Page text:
A design firm have a genius solution to London’s housing crisis and it’s set to royally tick off some traditionalists.
The German company has drawn up plans for a complete overhaul of Buckingham Palace, the house of the British monarch steeped in history, art and wealth.
The architects from Opposite Office claim their redesigns for the home Queen Elizabeth II and The Duke of Edinburgh have shared for their 71 years of marriage would provide living arrangements for 50,000 Londoners.
If the company’s designs were put into effect – in a highly unlikely display of sharing the wealth – Buckingham Palace and its 775 rooms would be completely transformed.
The palace – a modern day tourist trap – was opened in 1703. Founder of the Munich-based company Benedikt Hartl wrote an open letter to the Queen about the proposals.
In the letter, he reasons why Buckingham Palace should be turned into social housing at a time when a record number of people are sleeping rough in London.
Hartl wrote to the Queen to say:
A normal earner can no longer afford to live in many large cities.
Rent explodes and people live in precarious conditions. We live in a time of madness, a time when everything seems to be possible.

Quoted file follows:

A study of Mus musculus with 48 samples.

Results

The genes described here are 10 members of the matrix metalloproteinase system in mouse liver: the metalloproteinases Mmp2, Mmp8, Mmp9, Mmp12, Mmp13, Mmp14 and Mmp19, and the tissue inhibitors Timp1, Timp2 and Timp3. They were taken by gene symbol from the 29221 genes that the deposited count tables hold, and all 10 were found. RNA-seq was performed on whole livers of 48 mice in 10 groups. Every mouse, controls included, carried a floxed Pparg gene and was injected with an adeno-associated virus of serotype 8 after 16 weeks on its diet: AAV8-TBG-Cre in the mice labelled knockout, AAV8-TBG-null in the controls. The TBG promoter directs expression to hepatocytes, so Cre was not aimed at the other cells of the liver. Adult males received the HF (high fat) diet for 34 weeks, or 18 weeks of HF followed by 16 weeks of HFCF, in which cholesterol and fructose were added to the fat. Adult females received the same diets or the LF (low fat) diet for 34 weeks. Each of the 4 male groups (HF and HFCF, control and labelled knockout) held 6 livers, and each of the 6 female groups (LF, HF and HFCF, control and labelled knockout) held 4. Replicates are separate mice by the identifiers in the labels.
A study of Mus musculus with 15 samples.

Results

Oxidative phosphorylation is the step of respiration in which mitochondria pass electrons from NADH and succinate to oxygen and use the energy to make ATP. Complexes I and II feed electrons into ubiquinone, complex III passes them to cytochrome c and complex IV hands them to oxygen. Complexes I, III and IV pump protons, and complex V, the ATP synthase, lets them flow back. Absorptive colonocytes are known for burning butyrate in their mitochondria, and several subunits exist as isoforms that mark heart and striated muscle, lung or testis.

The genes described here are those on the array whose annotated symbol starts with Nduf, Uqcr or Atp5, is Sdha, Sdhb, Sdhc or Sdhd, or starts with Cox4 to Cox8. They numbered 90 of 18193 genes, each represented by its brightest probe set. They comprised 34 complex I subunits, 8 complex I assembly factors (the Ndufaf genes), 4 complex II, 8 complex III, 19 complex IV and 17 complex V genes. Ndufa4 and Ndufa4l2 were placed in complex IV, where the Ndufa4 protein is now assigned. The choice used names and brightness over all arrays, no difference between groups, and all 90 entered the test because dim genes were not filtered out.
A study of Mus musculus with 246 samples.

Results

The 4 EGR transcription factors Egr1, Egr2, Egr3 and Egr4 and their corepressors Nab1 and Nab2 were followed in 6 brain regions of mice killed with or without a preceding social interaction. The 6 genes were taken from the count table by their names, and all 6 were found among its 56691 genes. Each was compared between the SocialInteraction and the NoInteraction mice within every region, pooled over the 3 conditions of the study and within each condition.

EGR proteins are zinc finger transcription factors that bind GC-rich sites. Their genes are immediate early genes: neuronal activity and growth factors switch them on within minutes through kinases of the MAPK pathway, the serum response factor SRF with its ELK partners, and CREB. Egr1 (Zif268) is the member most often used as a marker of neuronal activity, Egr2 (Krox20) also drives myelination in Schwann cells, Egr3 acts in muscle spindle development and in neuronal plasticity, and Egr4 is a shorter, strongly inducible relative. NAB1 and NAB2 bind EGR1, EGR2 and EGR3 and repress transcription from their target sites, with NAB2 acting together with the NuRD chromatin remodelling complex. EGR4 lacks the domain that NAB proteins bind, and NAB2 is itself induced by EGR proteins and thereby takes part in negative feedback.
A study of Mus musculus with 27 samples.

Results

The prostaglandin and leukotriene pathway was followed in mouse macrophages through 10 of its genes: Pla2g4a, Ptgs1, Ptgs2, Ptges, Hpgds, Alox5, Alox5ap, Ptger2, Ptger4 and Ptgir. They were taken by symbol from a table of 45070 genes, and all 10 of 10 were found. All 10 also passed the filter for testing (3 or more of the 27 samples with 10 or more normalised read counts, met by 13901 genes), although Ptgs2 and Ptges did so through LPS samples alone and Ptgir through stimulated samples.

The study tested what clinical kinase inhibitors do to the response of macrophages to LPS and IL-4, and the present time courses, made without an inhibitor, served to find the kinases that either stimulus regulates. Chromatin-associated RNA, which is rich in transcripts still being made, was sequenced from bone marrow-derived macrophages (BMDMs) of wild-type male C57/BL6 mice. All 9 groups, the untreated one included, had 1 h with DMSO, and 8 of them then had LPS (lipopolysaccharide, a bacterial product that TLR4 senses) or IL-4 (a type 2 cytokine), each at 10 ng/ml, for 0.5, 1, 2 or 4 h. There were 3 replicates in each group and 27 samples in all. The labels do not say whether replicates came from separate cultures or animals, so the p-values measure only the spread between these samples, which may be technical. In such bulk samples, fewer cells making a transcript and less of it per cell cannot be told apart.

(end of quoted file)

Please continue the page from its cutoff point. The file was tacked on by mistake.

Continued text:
Why shouldn’t it then be possible to transform Buckingham Palace, a symbol of royal power and wealth, into social housing?
Figures show 3,103 people were found sleeping rough in the capital between July and September 2018.
It’s the first time the total has exceeded 3,000 in a three-month period, according to data from the Combined Homelessness and Information Network.
Charities have attributed the surge to a lack of affordable housing in London, and other cities beyond.
The Affordable Palace designs illustrate a possible kind of solution to the problem – but they are an extreme take on communal living.
The living space would include no corridors, while folding screens and walls would allow for certain areas to be repurposed as needed and apartments would be connected by eight staircases.
The architects have made provisions for private single and double bedrooms to have access to shared living rooms and dining areas, as reported by Metro.
Hartl explained the ethos of the company is reflected in the design, writing:
For us, it is important that you live together with people, not next to each other.
The Affordable Palace should be a collective space for living, meeting people, cooking together, and drinking tea with the Royal Family – a democratic house.
All men are created equal – that’s why all rooms are the same size.
Part of Opposite Office’s plans would involve a multi-story extension placed on top of the structure, completely changing the iconic central London landscape.
Buckingham Palace currently functions – if a little extravagantly – as the London residence and administrative headquarters of the monarch of the United Kingdom.
Located in the City of Westminster, the palace is often at the centre of state occasions and royal hospitality, with a 77,000m² floor plan and standing 24m high.
Well, you know what they say, sharing is caring and it sounds like there’s enough room to go around. Sleepover at the Queen’s place?